Monday, August 10, 2009

August Challenge: Marinate!

In keeping with last December's "bite-sized steps to a nutrient dense diet" this month's challenge is to develop the habit of marinating your meats, especially red meats. August is a busy and lazy month. As such any new "challenges" should be low-key. Marination is not time, nor labor, intensive, but like so many aspects of traditional cooking, it is forethought intensive.

For example, I have a pot roast that I punctured all over with my meat thermometer marinating in homemade buttermilk right now. It has been marinating for nearly two days, and I plan to cook the roast tomorrow. Some things take less time. I typically marinate steaks or ground meats at room temperature in olive oil and vinegar with spices for 15-45 minutes on the counter. Lamb shanks and some roasts I leave in a nice red wine for 12-24 hours.

The science behind marination is that raw and cultured mediums (buttermilk, extra virgin olive oil, vinegars, wine) will start eating, or pre-digesting, the meat for you which leaves less digestion work for your body to absorb the nutrients. Additionally, it imparts flavor and tenderizes the meat making it more satisfying on the palate. Marination is a not-so-secret technique of all good cooks. Biting into something flavorful, tender, and easy on the stomach later leaves any guest wanting to eat from your table again.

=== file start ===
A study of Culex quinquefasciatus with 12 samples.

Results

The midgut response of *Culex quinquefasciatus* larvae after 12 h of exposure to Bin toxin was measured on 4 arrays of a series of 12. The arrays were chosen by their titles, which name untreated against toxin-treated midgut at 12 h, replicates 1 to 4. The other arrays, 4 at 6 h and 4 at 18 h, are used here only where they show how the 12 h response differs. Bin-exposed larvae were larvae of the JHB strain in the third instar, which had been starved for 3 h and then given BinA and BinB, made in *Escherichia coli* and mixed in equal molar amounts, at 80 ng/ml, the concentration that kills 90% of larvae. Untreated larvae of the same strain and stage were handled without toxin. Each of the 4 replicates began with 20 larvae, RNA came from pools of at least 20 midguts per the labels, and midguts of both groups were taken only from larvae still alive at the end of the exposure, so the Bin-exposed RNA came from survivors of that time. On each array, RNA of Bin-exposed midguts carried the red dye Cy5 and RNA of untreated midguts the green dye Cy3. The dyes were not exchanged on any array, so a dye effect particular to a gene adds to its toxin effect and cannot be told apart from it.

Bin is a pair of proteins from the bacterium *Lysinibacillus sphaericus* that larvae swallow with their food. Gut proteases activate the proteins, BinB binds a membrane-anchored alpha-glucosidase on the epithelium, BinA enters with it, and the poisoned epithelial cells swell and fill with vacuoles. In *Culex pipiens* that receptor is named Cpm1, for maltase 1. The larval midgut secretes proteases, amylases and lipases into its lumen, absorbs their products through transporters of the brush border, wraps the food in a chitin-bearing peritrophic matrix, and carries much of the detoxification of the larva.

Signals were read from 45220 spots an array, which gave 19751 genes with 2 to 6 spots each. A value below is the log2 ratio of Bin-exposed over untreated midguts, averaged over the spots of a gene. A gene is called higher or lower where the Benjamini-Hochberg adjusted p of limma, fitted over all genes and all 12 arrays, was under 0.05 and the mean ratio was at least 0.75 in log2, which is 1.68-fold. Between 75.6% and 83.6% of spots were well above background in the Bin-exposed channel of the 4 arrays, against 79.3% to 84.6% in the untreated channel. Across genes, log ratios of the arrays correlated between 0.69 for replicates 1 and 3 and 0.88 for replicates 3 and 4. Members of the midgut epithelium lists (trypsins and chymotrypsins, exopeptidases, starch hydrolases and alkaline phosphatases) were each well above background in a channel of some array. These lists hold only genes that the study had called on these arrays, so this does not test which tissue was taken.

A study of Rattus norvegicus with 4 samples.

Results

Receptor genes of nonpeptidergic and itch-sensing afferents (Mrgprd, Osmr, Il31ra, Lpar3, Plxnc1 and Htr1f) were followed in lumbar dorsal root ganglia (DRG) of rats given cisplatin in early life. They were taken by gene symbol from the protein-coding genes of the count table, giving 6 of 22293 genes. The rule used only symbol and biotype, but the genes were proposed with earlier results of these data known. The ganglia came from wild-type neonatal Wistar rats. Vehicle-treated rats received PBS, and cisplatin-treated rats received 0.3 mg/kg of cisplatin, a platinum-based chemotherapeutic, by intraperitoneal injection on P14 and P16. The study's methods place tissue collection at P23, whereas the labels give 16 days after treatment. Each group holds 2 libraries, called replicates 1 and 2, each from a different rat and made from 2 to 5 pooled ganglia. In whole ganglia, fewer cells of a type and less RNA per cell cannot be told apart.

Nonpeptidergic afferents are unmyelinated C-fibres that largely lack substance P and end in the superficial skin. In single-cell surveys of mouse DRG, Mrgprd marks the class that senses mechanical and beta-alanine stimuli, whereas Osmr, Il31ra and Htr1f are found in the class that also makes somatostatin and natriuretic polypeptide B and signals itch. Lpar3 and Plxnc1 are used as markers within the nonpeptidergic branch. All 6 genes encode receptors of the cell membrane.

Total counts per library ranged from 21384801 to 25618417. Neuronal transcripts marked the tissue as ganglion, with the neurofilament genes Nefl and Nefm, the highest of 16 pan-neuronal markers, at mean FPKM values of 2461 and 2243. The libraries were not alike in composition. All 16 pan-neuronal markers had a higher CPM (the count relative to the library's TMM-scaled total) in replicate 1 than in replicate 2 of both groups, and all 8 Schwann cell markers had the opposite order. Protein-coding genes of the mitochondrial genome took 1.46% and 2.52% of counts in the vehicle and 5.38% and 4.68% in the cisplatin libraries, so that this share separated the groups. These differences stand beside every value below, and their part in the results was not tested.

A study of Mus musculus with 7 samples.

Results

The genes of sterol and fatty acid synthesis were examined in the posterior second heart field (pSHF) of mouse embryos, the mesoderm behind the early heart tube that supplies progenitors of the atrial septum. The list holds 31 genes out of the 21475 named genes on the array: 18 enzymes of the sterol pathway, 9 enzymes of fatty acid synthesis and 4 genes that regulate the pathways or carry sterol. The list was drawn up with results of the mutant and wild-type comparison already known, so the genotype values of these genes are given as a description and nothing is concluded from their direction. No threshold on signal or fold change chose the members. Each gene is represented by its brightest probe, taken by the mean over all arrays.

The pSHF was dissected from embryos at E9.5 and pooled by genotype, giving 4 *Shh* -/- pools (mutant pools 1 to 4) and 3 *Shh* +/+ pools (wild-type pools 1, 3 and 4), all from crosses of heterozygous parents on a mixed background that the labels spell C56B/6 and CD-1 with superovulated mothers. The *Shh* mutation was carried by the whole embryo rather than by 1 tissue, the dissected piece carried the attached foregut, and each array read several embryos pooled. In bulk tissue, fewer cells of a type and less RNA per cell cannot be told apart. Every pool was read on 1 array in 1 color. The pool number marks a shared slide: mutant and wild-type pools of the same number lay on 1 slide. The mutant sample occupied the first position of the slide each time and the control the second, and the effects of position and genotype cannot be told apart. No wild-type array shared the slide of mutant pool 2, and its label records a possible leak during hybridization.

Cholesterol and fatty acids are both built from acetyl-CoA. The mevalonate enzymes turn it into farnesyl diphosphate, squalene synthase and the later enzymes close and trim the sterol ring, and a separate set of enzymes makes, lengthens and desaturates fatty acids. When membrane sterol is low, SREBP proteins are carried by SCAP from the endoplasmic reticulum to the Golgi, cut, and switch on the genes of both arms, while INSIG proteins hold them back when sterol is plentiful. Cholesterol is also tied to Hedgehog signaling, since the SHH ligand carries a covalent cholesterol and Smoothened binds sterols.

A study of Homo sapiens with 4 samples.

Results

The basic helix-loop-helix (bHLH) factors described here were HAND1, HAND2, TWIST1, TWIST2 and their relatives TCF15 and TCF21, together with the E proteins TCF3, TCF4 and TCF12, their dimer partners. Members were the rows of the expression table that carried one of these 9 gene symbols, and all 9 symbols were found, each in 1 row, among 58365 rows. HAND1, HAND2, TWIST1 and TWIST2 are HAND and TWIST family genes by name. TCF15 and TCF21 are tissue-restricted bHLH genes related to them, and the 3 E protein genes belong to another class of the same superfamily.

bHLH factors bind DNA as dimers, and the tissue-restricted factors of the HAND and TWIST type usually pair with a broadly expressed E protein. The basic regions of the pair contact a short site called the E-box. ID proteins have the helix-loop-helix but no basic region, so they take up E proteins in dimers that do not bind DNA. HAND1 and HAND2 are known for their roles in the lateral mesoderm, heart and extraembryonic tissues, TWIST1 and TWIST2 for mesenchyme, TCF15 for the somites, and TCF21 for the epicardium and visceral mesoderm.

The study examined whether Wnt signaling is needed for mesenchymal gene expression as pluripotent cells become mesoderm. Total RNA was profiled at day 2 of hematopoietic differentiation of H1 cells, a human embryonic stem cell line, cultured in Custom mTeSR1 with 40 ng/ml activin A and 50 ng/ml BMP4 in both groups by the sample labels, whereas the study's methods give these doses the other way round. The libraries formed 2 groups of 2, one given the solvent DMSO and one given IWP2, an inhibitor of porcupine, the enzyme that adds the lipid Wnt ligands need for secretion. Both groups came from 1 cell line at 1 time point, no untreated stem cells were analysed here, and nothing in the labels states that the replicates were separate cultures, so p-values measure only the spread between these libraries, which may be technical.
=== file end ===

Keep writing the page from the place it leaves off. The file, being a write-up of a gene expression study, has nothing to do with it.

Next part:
There is also creative joy when blending various herbs and spices to compliment meats. One of my favorite discoveries is cumin, fennel, salt and pepper in an olive oil base on lamb or pork chops. Let it sit for 15-30 minutes on the counter and then scrape off the fennel and broil them (or pan fry) for 4 minutes a side (estimated for a 1" thick cut).

Challenge for the month:
Plan for marination. Try something new or use your nose to create a new blend that gets your mouth watering in anticipation. Do you already have a favorite marinade? Please share it!


  1. love to marinate with combo of limes, tamari, and ACV...

    boo marinates beef with lemon, tamari, dried basil, etc. perfect every time!!

  2. Ooo...yummy! Thanks for sharing your tips.

  3. I'm not sure this is a healthy marinade, you'll have to tell me, but we always marinade our steaks in soy sauce (the TJ's brand with low sodium and no bad whatevers). Something about it gives absolutely amazing flavor and tenderness.

  4. My vote is that as long as it is a truly fermented soy sauce that it's fine (Leah? Do you agree?). Otherwise I avoid soy like the plague. That sounds like a good experiment for some of our tougher steak cuts though....hmmm...I might be trying that out this week.


Questions and Comments welcome! If you would prefer to contact me privately, please email mariannescrivner (at) gmail (dot) com.